I remember in my teens being told of the wonderful things artificial intelligence (AI) would do in the next few years. Now, several decades later, some of these seem to be happening. The most recent triumph was of computers teaching each other to play Go by playing against each other, rapidly becoming more proficient than any human, with strategies human experts could barely comprehend. It's natural to wonder what will happen over the next few years. Will computers soon have greater intelligence than humanity? (Given some recent election results, that may not be too hard a bar to cross.)
But as I hear of these, I recall Pablo Picasso's comment about computers many decades ago: "Computers are useless. They can only give you answers." The kind of reasoning that techniques such as machine learning can result in are truly impressive in their results and will be useful to us as users and developers of software. But answers, while useful, aren't always the whole picture. I learned this in my early days of school — just providing the answer to a math problem would only get me a couple of marks; to get the full score, I had to show how I got it. The reasoning that got to the answer was more valuable than the result itself. That's one of the limitations of the self-taught Go AIs. While they can win, they cannot explain their strategies.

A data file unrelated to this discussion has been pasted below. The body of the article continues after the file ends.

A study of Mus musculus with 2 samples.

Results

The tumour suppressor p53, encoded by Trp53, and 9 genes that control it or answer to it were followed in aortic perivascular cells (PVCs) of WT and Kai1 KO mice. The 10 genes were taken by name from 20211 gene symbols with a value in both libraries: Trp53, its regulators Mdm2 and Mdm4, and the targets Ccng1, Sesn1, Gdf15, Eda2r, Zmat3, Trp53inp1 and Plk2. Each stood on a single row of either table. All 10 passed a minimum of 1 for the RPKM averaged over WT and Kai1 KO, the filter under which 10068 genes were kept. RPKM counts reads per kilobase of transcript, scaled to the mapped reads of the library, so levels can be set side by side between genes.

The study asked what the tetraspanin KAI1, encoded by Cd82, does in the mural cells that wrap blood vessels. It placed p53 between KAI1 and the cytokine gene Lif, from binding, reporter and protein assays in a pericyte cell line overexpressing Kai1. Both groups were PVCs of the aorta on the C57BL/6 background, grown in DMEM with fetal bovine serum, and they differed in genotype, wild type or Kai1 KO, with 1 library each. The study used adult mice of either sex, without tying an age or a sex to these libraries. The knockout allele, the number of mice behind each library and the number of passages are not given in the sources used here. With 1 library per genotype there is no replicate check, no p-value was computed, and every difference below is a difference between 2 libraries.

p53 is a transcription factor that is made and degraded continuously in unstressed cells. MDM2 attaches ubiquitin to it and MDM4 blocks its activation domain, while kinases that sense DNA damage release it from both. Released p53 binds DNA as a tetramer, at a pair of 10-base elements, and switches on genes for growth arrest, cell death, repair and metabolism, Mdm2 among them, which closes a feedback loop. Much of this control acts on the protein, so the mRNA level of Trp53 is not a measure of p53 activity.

Given this world, one of the big challenges I see for AI is that while we may have figured out machine learning in order to teach them to get answers, we haven't got systems that can do machine justification for their answers. As AIs make more judgments for us, we'll increasingly run into situations where the answer isn't enough. An AI might be trained in such a way to rule on legal cases, but could we accept a judgment where the AI cannot explain its reasoning?
Given this it seems likely that we will need a new class of "programmer' in the future, one whose job is to figure out why AIs get the answer they do, to deduce the reasoning underlying the AIs skills. We could see many fields where AIs make opaque judgments that we can see are good, but need another approach for us to really learn the theory that underlies their decisions.
This problem is particularly acute since we've discovered that it's awfully easy for these machines to learn undesirable behaviors from their training data, such as discriminating against racial minorities when judging credit ratings.
Like many, I see much of the opportunity of computers is in collaboration with humans. Good use of computers is understanding where the computer is strong (rapidly doing constrained work) and where humans are better, and using a mix. Computers are, at their most intellectual, a tool for the mind. In programming, I'm happy to lean on the compiler to help me find errors or suggest alternatives, a practice which I was scolded for as a young programmer. That boundary between where the two are strongest is fluid, and one of the fascinations of the future is how we can best take advantage of its movement.